Thursday, November 24, 2005

Squids, whales, prime numbers, and the Watch-a-Thon recap

Missed a couple days of the Watch-a-thon due to the need to get groceries on Sunday and my head generally being filled with unpleasant mucus on Monday. This also why I didn't do so much of the writing here this week; the review for The Squid and the Whale just sat there half-finished because I was occupying time that would normally be spent on writing with something that made my head spin a little less, like trying to plow through the Pencilwise sections of a backlogged stack of Games magazines.

Speaking of which, if I ever get around to writing a screenplay, I have a conversation about someone not liking Sudoku because they're no good at math, followed by the other person explaining that there is no actual math involved and the numbers could be replaced with letters or shapes - and, in fact, frequently were back when they were known as "Number Place" before they went to Japan and somehow came back popular.

Of course, by the time I finished that screenplay, the Sudoku fad will have passed and it will be laughably dated. But, hey, I figured I showed restraint not having this conversation on the bus.

The Movie Watch-a-Thon Recap:

Movie seen at the Brattle: (11/20) Serenity, (11/22) Keane, (11/23) Touch the Sound.
Movies seen elsewhere: (11/18) A History of Violence, (11/19) Walk the Line, Derailed, Capote.
Money pledged so far: $50 entry fee + $50 flat donations + $9 x (10 Brattle Films + .5 * 7 other films) = $221.50
Why the Brattle Theater Matters
Details on the Movie Watch-a-Thon
Where to send you cash in support
Mail me if you'd like to pledge some dollar amount per movie

The Latest Reviews:

The Squid and The Whale

* * * (out of four)
Seen 1 November 2005 at Landmark Kendall Square #2 (preview)

By now, that having one's parents get divorced is no fun whatsoever is not really a message that needs getting out; it's a fact of life that most people are at least aware of second-hand. Even in the best-case scenario, where everyone eventually recognizes that it was for the best and the parents remain civil or even friendly, it's a thoroughly trying experience.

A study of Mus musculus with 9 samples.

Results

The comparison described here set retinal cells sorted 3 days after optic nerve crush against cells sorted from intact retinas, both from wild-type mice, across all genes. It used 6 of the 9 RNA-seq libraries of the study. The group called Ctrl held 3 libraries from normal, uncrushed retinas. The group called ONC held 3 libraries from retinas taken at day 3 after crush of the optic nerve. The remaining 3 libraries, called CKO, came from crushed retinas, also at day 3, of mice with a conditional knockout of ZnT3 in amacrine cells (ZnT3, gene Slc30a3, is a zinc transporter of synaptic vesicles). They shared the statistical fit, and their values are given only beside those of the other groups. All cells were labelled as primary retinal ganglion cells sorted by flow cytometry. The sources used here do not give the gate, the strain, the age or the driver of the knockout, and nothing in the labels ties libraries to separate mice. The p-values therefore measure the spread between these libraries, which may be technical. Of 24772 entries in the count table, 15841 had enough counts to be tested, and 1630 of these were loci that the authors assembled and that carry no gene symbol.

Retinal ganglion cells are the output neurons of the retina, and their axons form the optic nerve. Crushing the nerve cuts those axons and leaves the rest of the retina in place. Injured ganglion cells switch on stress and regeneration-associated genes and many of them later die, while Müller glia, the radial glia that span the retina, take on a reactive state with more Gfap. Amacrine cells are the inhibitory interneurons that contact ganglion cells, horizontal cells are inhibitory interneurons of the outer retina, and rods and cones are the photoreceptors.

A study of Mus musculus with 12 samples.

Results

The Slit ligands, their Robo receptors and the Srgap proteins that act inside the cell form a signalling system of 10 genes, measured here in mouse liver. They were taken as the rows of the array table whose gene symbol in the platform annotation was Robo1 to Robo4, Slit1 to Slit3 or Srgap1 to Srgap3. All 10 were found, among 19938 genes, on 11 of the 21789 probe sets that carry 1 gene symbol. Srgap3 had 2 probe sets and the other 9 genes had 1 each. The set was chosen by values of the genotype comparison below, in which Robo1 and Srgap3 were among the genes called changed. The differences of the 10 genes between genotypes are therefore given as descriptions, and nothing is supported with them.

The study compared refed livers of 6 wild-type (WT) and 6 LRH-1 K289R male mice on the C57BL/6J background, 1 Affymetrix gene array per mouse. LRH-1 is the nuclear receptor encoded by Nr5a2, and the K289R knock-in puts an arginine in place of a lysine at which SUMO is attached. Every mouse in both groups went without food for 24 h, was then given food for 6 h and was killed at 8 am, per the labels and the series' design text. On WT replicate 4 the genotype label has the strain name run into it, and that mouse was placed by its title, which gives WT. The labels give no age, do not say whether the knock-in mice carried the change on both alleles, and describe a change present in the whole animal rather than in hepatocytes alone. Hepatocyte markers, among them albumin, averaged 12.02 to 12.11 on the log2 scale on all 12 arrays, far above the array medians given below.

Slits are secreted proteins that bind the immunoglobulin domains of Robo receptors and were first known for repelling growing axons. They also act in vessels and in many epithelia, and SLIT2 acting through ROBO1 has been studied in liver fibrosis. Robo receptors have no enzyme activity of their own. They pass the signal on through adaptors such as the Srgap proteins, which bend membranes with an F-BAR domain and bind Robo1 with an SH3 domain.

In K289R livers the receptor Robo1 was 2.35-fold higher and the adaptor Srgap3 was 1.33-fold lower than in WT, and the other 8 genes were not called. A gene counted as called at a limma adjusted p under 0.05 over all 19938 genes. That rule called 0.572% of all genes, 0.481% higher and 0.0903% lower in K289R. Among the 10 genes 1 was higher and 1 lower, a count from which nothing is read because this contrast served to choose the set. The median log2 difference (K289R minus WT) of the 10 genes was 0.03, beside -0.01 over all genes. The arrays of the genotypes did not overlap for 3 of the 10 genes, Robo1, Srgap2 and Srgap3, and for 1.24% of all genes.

The Squid and the Whale does not chronicle a best-case scenario.

Because Noah Baumbach's film is semi-autobiographical, it takes place in 1980s Brooklyn, but it could be set in any relatively contemporary setting with minor changes: Bernard (Jeff Daniels) and Joan Berkman (Laura Linney) are just realizing that their marriage is over, although it's probably been clear to outsiders for a while. Both are writers, though Bernard's star is falling while Joan is newly successful. It doesn't take long for their kids to start choosing sides, with older brother Walt (Jesse Eisenberg) tending toward his snobbish father and middle-schooler Frank (Owen Kline) favoring his earthier mother. Tensions increase when Joan takes up with Frank's tennis coach (William Baldwin) and one of Bernard's college students (Anna Paquin) rents his spare room.

Read the rest at HBS.


* * ¾ (out of four)
Seen 5 November 2005 at AMC Fenway #9 (first-run)

I saw Prime about a week after Proof, and, still keyed on numbers and a math nerd anyway, immediately glommed onto the fact that the stated ages of Rafi Gardet (Uma Thurman) and David Bloomberg (Bryan Greenberg) are 37 and 23, respectively - both prime numbers, and spent entirely too much time trying to read something into their indivisibility by other numbers. I also, of course, immediately figured out that they were, in fact, in violation of the half-and-seven rule (37 / 2 + 7 = 25.5), and would be so for another five years.

I bring this up for no particular reason, other than having recently received an email from a man claiming he or she could always tell which reviews were written by failed filmmakers. As you can see, that's silly - I am obviously a failed physicist.

But, back to the movie itself. It's the kind of minor film that rests somewhat precariously between moods. It doesn't quite pop enough to be a light and breezy romantic comedy, though the quick synopsis (a woman, unbeknownst to her, starts dating the son of her therapist) suggests a romance under peculiar but amusing circumstances. The "trouble" is that one of the central obstacles for the pair to overcome is their age difference, and the film takes this rather seriously, pointing out that though both are adults, there are real differences in maturity and ambition; it also points out the quandry that Lisa Metzger (Meryl Streep) finds herself in because while the advice she gives Rafi may be good for her patient's mental health, it may not be something she approves of once she sees the bigger picture. And it doesn't necessarily resolve those bigger issues in a glib way, or necessarily present them as silly.

So Prime doesn't fit neatly into a box. This is a good thing, in principle. The rub is that its desire to be realistic often works against its aim to be funny and even the attempts to make serious points; for instance the issue of Lisa's desire that David only date nice Jewish girls is extraneous, but pushes other, more important things aside. I like that writer/director Ben Younger is able to have his movie express a full, and realistic, range of thoughts and emotions, and that for the most part cancels out any feelings I might have that whatever impression the movie is trying to make, it's not making it as solidly as it perhaps should.

You can do a lot worse than Prime. It's honest, funny, and kind of sweet. It manages to get the audience thinking about just why we get all skeevy about there being too much distance between a couple's ages (even if the older woman looks like Uma Thurman and the pairing isn't freaky-looking) while still having having space for jokes about - I kid you not - people being hit in the face with pies. You just not might feel as strongly as you'd like, afterward.